Amidst the pandemic, our family wrestled into a new house in Chennai. It’s a red ochre cuboid, baked by whipping together mud, cement and lime plaster, framed in reclaimed teak wood. In the days following our move, clothes, kitchen utensils and other knick-knacks found room but a stockpile of boxes with hundreds of books still awaited living quarters.
My partner and I had considered scouring the shambolic antique furniture shops that fringed Pondicherry, about four hours away, for a decorative bookshelf. It had always been a favourite furniture haunt for many Chennaites eyeing colonial pieces. These old curiosity shops also abounded with topsy-turvy stacks of scavenged wooden beams. The giant Jenga blocks of teak, rosewood and other local hardwoods were debris from vintage homes. We happened to learn from our architect that many of them were being lapped up by a coterie of new-age furniture makers — Vincent Roy being one of them.
We visited Roy’s workshops and home close to Pondicherry to meet the twinkly-eyed Frenchman, and as we spoke, quickly realised that he was an apt choice for our book-stacking needs. His craftsmanship was a stark contrast to the rococo-style, antique pieces we normally bought. It mimicked the style of mid-century Scandinavian designers like Ib Kofod-Larsen who focused on functional woodwork with clean lines and rounded edges. “Often it is related to things we don’t see,” said Roy. “About custom-making cushions or improving the flexibility of a seat.”
After ping-ponging a few weeks on drawings, we decided on a bewitching yet practical book rack that would double as a nifty study space. Roy designed a 11ft by 5ft bookshelf of Burma teak reclaimed from old British and Chettiar homes. Sliding rattan doors, made with Andaman cane, ornamented four of its five shelves. The lowest rack became a foldable study table. A narrow, removable storage block wedged below this workspace came with three drawers, each with brass knobs from his travels to Java, Indonesia, over a decade ago.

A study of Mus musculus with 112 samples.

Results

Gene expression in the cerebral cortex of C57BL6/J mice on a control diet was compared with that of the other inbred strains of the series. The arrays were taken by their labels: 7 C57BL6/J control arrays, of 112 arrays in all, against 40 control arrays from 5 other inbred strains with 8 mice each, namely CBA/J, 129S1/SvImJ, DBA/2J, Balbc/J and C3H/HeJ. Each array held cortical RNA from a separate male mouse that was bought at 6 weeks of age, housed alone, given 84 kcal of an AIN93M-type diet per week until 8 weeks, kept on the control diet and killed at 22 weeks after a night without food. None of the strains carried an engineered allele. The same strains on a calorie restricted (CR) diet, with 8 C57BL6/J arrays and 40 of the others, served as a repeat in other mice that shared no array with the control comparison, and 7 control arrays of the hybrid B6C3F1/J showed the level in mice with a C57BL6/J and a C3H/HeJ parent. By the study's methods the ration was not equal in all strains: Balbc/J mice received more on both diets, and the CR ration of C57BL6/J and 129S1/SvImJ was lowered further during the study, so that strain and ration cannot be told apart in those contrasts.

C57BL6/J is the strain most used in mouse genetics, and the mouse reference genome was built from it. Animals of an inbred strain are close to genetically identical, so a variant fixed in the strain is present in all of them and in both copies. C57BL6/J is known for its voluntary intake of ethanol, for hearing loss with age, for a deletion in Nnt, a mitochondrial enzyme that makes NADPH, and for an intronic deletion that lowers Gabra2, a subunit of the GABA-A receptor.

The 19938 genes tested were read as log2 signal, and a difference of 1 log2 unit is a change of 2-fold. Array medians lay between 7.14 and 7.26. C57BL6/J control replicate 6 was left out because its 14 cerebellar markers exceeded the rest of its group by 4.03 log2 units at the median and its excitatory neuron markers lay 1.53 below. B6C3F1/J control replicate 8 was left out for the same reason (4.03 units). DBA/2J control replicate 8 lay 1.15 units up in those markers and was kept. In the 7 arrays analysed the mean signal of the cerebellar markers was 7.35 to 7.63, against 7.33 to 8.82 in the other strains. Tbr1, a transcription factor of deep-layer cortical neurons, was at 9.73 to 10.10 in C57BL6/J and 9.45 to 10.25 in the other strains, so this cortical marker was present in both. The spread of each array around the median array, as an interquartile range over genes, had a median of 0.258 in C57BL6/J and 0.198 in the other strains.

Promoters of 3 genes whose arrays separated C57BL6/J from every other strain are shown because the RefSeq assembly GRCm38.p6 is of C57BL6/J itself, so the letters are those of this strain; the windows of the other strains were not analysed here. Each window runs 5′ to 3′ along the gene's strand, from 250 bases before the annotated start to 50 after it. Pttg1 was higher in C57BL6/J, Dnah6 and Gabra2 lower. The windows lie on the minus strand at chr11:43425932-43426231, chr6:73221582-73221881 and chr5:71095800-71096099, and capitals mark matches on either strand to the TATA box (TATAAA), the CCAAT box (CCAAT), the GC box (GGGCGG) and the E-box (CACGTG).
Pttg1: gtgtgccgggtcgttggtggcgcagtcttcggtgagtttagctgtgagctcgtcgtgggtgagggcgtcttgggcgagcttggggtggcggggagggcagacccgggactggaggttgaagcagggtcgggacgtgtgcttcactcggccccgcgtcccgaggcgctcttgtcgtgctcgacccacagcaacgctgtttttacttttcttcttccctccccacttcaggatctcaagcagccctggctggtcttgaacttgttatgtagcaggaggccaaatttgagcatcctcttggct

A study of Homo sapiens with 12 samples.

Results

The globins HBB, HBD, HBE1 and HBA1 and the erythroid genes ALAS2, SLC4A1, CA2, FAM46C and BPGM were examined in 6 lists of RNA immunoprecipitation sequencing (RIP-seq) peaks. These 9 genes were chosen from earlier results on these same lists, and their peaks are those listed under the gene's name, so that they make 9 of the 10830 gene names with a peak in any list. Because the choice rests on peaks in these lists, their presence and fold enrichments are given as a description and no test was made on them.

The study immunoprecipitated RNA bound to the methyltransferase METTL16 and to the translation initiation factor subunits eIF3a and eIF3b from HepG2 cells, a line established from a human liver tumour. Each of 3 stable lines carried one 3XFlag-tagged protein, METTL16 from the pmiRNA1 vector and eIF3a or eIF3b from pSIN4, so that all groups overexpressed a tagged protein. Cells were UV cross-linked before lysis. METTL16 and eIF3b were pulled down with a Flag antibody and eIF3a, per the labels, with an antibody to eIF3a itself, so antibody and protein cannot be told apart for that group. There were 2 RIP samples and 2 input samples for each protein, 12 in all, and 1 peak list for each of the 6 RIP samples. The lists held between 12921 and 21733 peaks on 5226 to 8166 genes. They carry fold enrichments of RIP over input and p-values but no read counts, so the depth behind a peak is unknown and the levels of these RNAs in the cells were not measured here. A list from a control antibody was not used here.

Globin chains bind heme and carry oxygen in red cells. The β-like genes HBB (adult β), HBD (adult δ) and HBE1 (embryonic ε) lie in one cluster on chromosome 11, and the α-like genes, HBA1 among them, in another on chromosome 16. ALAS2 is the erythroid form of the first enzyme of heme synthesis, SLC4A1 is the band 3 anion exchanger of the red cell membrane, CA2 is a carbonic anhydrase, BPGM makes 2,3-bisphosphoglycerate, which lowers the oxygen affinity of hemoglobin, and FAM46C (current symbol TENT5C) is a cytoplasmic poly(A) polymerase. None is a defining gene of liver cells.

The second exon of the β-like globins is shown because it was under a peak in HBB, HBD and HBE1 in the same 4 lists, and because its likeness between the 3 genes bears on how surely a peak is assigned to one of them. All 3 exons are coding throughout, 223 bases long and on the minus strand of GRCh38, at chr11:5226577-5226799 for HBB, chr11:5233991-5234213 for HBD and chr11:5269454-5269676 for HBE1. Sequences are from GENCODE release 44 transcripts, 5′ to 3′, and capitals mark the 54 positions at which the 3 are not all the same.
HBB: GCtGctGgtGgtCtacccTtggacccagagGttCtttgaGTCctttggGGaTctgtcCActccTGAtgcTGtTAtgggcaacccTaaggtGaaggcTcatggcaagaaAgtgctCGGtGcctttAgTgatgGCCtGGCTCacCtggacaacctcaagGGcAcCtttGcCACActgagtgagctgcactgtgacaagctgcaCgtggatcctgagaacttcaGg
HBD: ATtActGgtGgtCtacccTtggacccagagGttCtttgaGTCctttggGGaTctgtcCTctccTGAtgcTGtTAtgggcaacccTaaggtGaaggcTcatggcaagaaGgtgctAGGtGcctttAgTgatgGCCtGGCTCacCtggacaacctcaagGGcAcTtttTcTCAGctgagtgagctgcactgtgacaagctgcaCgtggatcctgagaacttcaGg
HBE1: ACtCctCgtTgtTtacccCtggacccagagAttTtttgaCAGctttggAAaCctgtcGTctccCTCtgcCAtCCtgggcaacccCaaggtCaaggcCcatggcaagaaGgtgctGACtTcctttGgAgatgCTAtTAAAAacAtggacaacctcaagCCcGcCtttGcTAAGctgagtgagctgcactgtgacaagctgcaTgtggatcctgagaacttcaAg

A couple of months later, the nuts, bolts, planks and shutters of the bookshelf vroomed through our bamboo gates on a mini truck. Roy had another cabinet maker in Chennai piece it together for us. “I like to think of my competitors as part of a cooperative. We share information about materials and work,” explained Roy. These partnerships proved invaluable during the gridlock of the pandemic.
He imbibed this collaborative philosophy as a farmer boy growing up amidst juicy grape vines in Cognac with his family that has made the signature brandy for five generations. Vineyards often supported one another as part of agricultural co-ops in this region.
In his two cacophonous workshops, wedged on either side of a narrow alley, more than two dozen workers chisel, sandpaper, polish and bolt together furniture. As these spaces burst through their seams, Roy, previously drained by the clampdowns of the pandemic, finally feels optimistic to embark on building a larger workshop set amidst lush coconut and cashew groves near Auroville. Still, he is resisting the urge to become any bigger. “I don’t want to become a faceless factory,” explained Roy. “I want to maintain a humane scale where I can hand-hold craftsmen to make pieces that have character.”
At home in the quiet cul-de-sac, neem tree–lined street that we have finally settled into with our two homeschoolers, the bookshelf and its playful rattan shutters occupy centre stage as a reading, writing, research and debate hotspot. Long-outgrown children’s books huddle on the neck-craning top shelf and the now-popular coming-of-age comic books throng its lower rack, just below bird books of my nature-loving partner and my favourite graphic novels. This space will have many stories to tell.
Anupama Chandrasekaran is a former business journalist who now produces audio documentaries and writes on development-related issues. She also spins an independent podcast on fossils and prehistory. She is on Instagram as @indiantimbre.